Browse Exhibits (5 total)
This collection details Robert Cormier's thoughts on defending his work against censorship and also presents the perspectives of other parties who were engaged in battling censorship attempts.
Although Robert Cormier disliked having to address censorship and take time from his writing to defend his work, he was diligent in helping librarians and teachers who fought to keep his books in libraries, schools, and the hands of young readers. This section of the exhibit includes letter exchanges with individuals fighting in censorship battles and those seeking Cormier’s advice and assistance. Draft versions of Cormier’s essay “A Book is Not a House” along with his signed statement on the subject of censorship appear here.
This collection includes material surrounding the objections brought against Robert Cormier's work and a range of responses to those objections.
As an early pioneer in young adult realistic fiction, Robert Cormier had a number of objectors decrying the value and appropriateness of his work. Included in this selection are a collection of letter exchanges with readers and parents who took offense to Cormier’s books as well as from defenders seeking perspective and advice on approaching Cormier’s naysayers. Magazine coverage representing detractors and critics of Cormier are included along with defenses from Cormier and from students who gained from reading his work.
This collection features details on Robert Cormier's experiences and feeling on reading and writing. Works included here also paint an intimate picture of his relationships with young fans.
Robert Cormier responded to censorship battles in deeply personal ways, identifying with the victims of these public disagreements. Personal experiences, thoughts, and emotions drove his writing and so censorship marred the idea of trusting one’s own feelings and judgment. This section of the exhibit includes Cormier’s letters and loose drafts that address his motives as a writer and the significance of reading and writing to his, and by extension any child’s, young life. Pieces included here also describe Cormier’s hometown of Leominster, Massachusetts. Photographs of the area and of Cormier at home bring viewer into his writerly world.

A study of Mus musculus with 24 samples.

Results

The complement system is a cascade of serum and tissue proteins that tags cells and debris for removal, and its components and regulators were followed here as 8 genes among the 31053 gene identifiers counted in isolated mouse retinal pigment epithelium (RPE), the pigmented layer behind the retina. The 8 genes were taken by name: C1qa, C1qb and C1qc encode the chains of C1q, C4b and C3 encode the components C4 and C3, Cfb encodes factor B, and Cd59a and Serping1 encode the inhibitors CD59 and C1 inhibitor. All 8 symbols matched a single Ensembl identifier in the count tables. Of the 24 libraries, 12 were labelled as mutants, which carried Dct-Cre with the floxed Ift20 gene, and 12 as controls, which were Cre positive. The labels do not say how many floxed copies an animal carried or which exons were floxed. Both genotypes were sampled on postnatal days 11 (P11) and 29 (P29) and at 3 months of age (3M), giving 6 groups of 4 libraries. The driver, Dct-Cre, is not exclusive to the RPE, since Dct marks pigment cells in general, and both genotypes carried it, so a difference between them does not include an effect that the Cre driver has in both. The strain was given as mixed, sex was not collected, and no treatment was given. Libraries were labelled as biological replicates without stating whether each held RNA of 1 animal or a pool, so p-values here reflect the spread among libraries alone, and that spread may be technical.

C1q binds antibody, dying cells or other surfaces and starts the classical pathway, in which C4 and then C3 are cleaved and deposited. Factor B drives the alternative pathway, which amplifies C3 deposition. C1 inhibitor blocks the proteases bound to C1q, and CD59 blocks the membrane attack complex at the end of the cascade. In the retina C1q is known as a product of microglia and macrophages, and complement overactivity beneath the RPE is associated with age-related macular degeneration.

This collection showcases student writing and teachers' curricular work as it relates to Robert Cormier's novels. Because of the significant and relevant themes of his work and the ease of his writing, Robert Cormier’s novels were and still are often assigned readings in American middle schools. As a founding father of realistic fiction, his work is also a cornerstone to YA literature and so appears in college courses in YA literature. Students from middle school to graduate school have interacted with Cormier’s work in rich and varied ways represented in this section of the exhibit. Included are letter exchanges with students and classes, teacher lesson plans, and student projects and papers.
This collection highlights Robert Cormier's ethical and authorial choices in his work.
Often Cormier painted censorship as an exercise of fear – of reality, of truth – and of distrust. Distrust in the author’s self-censorship or editorial prowess; distrust in the intelligence of children or of the populace. To Cormier, censorship is a vote of no confidence in the author, the reader, and the thought process that encourages the relationship between the two.
Artifacts in this section of the exhibit chronicle Cormier’s feelings on the writer’s and reader’s roles and the threat censors play to those roles. These documents include letters with students and teachers, typescripts of some of Cormier’s speaking events, magazine and journal articles, as well as draft material from The Chocolate War.